Ned Fowler, or Coach Fowler, led many teams on the court.  Now he leads his grandson, Will Doig, in a family and sport tradition.


LeopardLife Sam Walton, Business Manager, and Will Doig, Sports Writer


Fowler’s  record reflected his coaching success at the high school level and later joined the Tyler Junior College in Tyler, coaching  NBA All-Star Jimmy Butler, who currently plays for the Minnesota Timberwolves.  

“I played all sports in high school, but I probably liked basketball the best. I was later fortunate to get a head coaching job in a large high school at a young age. I had a super record at two large high schools then got a head coach job at Tyler JC. I received national exposure by making it to two National JC tournaments in my three years there then got into a major college,” Fowler, former coach of the Tulane Green Wave, said.

Will Doig, like his grandfather, is playing basketball and plans on trying out for the Lovejoy 7th-grade basketball team.

“I play basketball because I love it, but [Ned Fowler] has influence in it too,” Doig said.

Ned’s team, the Tulane Green Wave, is the ninth-oldest basketball venue in the nation. Although he retired in 1996, he gave the team his coaching experience for 15 years.

“[What I liked most about coaching was the] associations with players and fans, plus winning,” Fowler said.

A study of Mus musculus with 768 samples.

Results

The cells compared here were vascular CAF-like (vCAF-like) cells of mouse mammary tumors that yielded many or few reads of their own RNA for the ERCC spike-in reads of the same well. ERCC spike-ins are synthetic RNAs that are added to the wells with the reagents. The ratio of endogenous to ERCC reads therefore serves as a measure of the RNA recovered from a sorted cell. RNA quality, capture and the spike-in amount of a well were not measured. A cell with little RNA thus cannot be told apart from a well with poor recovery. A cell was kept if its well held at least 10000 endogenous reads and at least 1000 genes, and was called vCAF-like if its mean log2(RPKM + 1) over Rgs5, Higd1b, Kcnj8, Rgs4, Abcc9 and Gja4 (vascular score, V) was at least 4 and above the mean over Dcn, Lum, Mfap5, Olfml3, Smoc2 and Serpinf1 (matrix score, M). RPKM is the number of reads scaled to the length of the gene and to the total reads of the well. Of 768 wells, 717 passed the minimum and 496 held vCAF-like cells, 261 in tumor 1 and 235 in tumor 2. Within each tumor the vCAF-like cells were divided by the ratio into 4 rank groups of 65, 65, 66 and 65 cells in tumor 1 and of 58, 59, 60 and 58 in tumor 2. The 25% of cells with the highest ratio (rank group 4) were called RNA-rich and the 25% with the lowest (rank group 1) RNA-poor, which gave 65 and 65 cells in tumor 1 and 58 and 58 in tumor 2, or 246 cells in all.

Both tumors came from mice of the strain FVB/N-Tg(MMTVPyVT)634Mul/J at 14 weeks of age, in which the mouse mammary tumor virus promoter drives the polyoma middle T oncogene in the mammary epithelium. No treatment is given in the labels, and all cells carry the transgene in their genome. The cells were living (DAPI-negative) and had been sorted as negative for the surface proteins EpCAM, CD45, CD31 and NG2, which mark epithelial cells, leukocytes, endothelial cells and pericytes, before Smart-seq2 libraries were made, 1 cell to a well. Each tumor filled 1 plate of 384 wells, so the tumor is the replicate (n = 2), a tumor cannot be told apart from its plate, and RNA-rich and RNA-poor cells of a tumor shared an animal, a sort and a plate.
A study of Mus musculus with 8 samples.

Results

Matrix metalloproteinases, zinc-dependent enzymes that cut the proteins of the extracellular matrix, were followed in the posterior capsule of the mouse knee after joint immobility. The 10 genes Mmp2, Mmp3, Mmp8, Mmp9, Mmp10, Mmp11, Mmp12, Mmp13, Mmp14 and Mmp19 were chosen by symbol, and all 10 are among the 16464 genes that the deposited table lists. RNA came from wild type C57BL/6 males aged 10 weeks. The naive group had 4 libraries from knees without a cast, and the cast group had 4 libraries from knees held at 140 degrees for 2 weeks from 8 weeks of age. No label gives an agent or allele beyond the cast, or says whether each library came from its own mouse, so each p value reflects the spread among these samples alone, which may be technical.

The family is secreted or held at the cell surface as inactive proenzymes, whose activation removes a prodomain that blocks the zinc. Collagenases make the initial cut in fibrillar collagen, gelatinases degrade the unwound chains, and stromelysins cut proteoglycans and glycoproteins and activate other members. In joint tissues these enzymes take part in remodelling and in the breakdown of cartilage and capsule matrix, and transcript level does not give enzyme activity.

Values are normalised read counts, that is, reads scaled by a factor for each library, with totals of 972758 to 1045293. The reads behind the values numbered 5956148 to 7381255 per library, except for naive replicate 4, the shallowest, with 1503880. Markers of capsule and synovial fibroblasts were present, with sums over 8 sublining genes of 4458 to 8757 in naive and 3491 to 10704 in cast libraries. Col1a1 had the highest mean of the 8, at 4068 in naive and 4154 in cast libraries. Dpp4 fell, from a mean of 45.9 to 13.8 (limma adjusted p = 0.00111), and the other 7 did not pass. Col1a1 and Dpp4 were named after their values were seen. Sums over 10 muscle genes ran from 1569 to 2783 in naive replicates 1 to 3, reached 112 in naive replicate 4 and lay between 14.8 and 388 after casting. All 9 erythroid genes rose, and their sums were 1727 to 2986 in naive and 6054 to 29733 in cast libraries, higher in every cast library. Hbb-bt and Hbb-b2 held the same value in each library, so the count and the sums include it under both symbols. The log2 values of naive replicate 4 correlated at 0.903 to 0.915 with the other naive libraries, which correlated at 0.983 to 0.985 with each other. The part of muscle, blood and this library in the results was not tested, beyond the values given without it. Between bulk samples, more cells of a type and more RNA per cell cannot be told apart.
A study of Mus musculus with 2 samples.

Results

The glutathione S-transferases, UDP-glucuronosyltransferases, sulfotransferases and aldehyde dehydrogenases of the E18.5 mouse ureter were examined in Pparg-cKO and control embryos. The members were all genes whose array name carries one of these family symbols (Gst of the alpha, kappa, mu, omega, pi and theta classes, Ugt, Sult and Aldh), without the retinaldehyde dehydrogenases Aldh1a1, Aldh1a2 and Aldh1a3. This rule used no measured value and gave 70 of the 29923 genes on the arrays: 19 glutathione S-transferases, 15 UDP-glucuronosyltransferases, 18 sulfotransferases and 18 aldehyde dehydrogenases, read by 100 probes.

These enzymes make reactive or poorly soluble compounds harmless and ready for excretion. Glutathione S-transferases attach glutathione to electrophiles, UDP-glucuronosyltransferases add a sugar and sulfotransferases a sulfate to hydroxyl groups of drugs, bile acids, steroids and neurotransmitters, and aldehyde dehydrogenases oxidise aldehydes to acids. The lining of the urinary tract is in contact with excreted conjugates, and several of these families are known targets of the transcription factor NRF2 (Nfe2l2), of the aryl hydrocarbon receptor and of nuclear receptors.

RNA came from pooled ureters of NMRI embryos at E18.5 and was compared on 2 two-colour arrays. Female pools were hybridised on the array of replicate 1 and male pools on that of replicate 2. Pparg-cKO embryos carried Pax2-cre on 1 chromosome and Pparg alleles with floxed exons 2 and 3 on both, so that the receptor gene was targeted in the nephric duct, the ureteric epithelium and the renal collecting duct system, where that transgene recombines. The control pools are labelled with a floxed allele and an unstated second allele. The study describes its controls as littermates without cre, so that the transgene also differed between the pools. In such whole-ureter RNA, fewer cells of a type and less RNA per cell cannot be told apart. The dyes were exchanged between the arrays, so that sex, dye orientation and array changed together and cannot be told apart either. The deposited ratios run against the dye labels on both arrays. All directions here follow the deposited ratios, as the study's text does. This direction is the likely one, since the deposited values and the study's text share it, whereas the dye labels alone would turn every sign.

Ned’s coaching career has made an influence in basketball history. Many take his experience and put it into play. This coach has shown a few ups and downs, but he also showed experience in his teaching and playing. Ned’s passion for the game still lives on to this day, and his knowledge of the sport will leave an impact in the history of basketball.

“[I] formulated my own ideas and beliefs through trial and error, then developing offensive and defensive schemes based on my player’s skills and abilities,” Fowler said.

Fowler coached at the JC and went 31-4 in his seventh and last season with the team. This successful year set him up for the head coaching job on the Tulane Green Wave basketball team.

Ned Fowler spent four years with the university. In those four years, he went 70-35 and made one NCAA tournament appearance in his first year with the team.

Ned’s team’s toughest loss was when they fought North Carolina. They lost by a two-point defeat from arguably the best player in the world, Michael Jordan’s game-winning three-point shot.

“[I loved] Associations with players and fans, plus winning was my favorite thing about coaching,” Fowler said.

Fowler also coached four players that got drafted in the NBA. One of which is John “Hot Rod”  Williams who was drafted 45th in the second round by the Cleveland Cavaliers and ended his career as an All-Star. Five years after his career with Tulane, Fowler was hired as the head coach at Stephen F. Austin University.

“[My biggest accomplishment as a coach was] being named national division one Rookie Coach of the year my first year at Tulane. Also having only four losing seasons in only 27 years,” Fowler said.

Fowler spent six years with SFA and went 78-87 with the team.  He was an assistant for the Auburn Tigers and was brought on the team to help their defense. One of Fowler’s biggest games at Auburn was when he helped the defense as an assistant coach defeat #1 Kentucky in an upset performance.